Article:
Calculating Overtime and Back Pay in Pennsylvania: Know these Quirks in the Law or Risk Losing Money
Pennsylvania law differs from federal law
Do you get overtime?
If not, and you think you may be entitled to it, there are several things to keep in mind.
First, it’s important to be aware of what federal law says about who is and isn’t eligible for overtime. (We’ll get to that in a minute.)
Beyond that, it’s important to know how your state calculates overtime, or you could end up getting seriously shortchanged in terms of back pay. That’s because some states, such as Pennsylvania, take a different approach to overtime compensation than the federal government does.
Let’s take a look at what you need to know.
How do you know if you’re eligible for OT?
The first thing you need to consider is how you’re classified in terms of payroll.
A non-exempt employee is someone who is eligible for overtime. An exempt employee is not. Think of it this way: The exempt employee is exempt from overtime.
Keep in mind that employers don’t get to pick and choose how they want to classify you. Rather, federal law has some very specific guidelines that employers must comply with. (Check out our guide on how to determine your status.)
What if you’ve been misclassified?
If you believe that you’ve been misclassified, your company may owe you back pay for overtime.
Here’s where things can get complicated. Federal law allows something called a “fluctuating workweek” (FWW) model.
The FWW model is often used to compute overtime for salaried employees who are eligible for overtime and who work a different number of hours each week. For example, a retail manager may be salaried but also considered non-exempt. (You can find a more in-depth explanation of the FWW model here.)
This method often doesn’t work out in employees’ favor. In fact, the more hours they work, the more diluted their hourly rate can become.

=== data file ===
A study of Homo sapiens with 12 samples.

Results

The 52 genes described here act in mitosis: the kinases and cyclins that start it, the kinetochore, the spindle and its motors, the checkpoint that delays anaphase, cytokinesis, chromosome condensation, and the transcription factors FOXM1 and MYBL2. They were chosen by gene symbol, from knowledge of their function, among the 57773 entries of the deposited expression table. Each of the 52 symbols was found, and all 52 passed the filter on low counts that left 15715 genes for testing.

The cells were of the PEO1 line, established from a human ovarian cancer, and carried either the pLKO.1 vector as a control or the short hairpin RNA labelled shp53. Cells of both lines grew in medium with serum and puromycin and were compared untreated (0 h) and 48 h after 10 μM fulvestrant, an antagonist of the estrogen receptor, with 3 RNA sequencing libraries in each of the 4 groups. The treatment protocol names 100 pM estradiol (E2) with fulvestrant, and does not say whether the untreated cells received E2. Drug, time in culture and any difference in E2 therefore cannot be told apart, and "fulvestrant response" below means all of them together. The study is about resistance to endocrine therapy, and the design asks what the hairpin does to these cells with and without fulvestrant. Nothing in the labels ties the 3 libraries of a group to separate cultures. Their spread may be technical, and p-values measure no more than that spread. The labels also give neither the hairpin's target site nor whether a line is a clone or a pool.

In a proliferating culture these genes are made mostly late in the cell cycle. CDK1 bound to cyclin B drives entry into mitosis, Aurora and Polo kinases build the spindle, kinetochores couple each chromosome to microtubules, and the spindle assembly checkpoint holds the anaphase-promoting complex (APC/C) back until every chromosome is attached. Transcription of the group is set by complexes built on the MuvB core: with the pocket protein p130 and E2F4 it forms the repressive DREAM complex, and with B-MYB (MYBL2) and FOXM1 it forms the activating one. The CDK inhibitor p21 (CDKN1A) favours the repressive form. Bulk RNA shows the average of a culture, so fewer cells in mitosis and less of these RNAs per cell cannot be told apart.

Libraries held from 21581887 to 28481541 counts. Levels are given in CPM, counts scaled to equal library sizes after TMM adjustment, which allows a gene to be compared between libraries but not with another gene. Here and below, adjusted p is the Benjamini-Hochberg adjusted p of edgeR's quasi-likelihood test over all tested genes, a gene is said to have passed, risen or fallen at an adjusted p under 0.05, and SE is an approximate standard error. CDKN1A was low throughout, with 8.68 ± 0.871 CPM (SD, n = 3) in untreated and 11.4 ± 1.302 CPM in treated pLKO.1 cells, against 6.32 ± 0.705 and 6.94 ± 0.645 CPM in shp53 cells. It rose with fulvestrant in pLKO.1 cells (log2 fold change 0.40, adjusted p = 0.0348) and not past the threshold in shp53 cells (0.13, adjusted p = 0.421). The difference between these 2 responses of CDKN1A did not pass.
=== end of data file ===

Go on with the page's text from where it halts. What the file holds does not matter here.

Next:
You can imagine that employers often like this model.
FWW Not a Recognized Method of Paying Overtime Under PA Law
Courts in Pennsylvania have held that FWW is not a permissible way of calculating overtime under Pennsylvania law. However, that doesn’t mean employers won’t attempt to use it when calculating overtime or back pay awards.
After all, many employees are not aware of the nuances of federal and state wage and hour law, so they may be likely to accept their back pay awards and not question the totals.
However, the Pennsylvania Minimum Wage Act (PMWA) states that employees are entitled to 1.5 times their regular hourly base rate of pay for any hours worked over 40 in a given workweek.
For example, in Pennsylvania, if a worker makes $10 an hour for hours 1-40, he or she should make $15 an hour for hours 41-50.
Contact the Murphy Law Group Now for a Free Consultation
If you feel that you haven’t been paid in accordance with the law, it’s a good idea to speak to an attorney.
Email us at email@example.com, or call (267) 273-1054 for a free consultation.